Football practice had run late that Tuesday. George slung his mud-splattered boots over his shoulders and let them dangle, hitting his back as he gripped onto the long laces. Coach Robin had pushed them to the limit today, working them on their dribbling.
They’d played one game today at the end, to try and put their dribbling into game play. Strangely, George had lost today 5-1. He never lost, he was Coach Robin’s favourite and was always in every game. He’s tackling, dribbling, shooting were perfect not to mention every other aspect of the sport. So to lose, this wasn’t ordinary.
To top losing off, his Mum was held up at work and he had to walk home. Dragging his feet along in his worn-trainers, the studs of his boots struck his back in a clumsy rhythm, trying to keep in time with the beats of his walk.
There was a slight drizzle, and a fierce wind that blew the rain in a slanted diagonal. Sticking his head down to avoid the rain slapping his face with its cold fingers, he continued the tiresome trek back home he really didn’t want to ensue.
The shortcut was down Deadman’s Lane, and it wasn’t called Deadman’s Lane for nothing. The spooky tale that circulated the school was that a man went down there on his bike. He flipped over the handlebars, then was ran over by a car. Now he haunts the road, steering car drivers off course and knocking bikes over.
George was never too certain about that story, but he knew the street had no street lamps. So when night crawled along, it was pitch-black and you could only feel your way. Should he take the short cut? Darkness was already setting in, turning the grey sky even murkier.
No. No he shouldn’t.
Sighing, and trying to re-position his hair already highly damp from the harsh rain, he kept walking. What more could he do? Walk. Walk. Walk. Weighed down by his sweaty kit stuffed haphazardly into his white bag, the empty crisp packets and half-drunk energy drink bottles crumpled up amongst the kit and his swinging football boots hitting his back repeatedly.
He looked down at himself, and what he was wearing. Trousers, grey top, stripy socks and muddy trainers. A casual look? Maybe he should have listened to Cassidy about his looks, after all people were so judging. You could go around stark naked and still be judged as much as if you wore the wrong shoes.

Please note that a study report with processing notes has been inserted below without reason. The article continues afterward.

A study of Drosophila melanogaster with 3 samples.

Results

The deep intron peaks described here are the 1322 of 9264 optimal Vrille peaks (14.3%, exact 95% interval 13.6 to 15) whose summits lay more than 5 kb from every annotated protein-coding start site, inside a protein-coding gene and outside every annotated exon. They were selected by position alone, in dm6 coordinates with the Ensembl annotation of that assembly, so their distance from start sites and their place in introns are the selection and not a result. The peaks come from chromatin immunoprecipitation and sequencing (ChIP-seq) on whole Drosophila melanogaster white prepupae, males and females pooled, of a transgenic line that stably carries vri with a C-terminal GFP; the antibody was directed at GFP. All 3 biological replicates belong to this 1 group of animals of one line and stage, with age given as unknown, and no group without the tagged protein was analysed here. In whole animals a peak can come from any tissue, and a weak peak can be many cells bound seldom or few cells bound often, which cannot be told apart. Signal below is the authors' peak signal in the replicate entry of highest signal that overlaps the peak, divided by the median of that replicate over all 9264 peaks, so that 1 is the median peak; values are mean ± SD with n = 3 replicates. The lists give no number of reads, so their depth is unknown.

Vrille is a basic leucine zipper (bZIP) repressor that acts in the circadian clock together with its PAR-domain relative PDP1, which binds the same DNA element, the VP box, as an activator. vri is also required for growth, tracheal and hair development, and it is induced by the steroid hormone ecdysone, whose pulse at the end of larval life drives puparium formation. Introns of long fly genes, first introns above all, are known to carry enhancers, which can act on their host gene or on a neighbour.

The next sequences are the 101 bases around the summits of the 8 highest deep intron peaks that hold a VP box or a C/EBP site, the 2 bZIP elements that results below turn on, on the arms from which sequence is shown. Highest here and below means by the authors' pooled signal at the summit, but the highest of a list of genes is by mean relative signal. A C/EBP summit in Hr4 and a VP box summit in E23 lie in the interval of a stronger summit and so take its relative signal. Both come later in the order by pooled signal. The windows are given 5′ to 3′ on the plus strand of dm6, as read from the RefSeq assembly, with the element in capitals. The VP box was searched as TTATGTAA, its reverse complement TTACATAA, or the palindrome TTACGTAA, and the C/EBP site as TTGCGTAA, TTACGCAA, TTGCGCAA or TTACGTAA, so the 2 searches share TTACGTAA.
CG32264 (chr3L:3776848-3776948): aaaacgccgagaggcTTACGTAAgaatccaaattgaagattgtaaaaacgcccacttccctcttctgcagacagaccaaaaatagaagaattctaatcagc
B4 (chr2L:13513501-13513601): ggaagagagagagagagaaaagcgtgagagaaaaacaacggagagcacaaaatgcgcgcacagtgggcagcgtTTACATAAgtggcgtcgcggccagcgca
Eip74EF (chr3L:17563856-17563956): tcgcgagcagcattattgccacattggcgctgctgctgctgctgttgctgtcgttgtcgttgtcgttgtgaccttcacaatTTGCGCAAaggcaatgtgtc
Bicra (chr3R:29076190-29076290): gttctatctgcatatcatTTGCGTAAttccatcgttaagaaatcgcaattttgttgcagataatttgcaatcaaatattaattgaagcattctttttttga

Mind you, girls are judged more than boys, he thought. Girls have to keep up with the current trends, worry about brands, spend extra money on make-up, change their look dependant on the season, and be colour-coordinated. What can boys do? Sling on some top, jeans, trainers and boom! Outfit for the day done. Although, boys can be judged just as much as girls.
Judgment is just a vicious cycle of glances, words and hurt. What more can be said?
The pavement George was walking on began to slim, and soon turned into the grassy banks by an old ditch. Ryan, his friend, had one day decided to slide down the slope of the banks and walk along the muddy ditch. He came out, feet caked in dirt and bits of grass, and some un-recognisable substance stuck to the bottom of his shoe.
Ryan said that the CIA had to take his shoes with the substance on to investigate, but George knew his Mum wouldn’t allow him to wear them anymore and had to chuck them away.
Staring down at the long ditch, at the trickle of dirty water that snaked along the bottom, he thought of Ryan wading his way through the thick layer of brown muck. Nice.
As he walked along, he saw something. Something curled up, with human features. A little girl lying dead.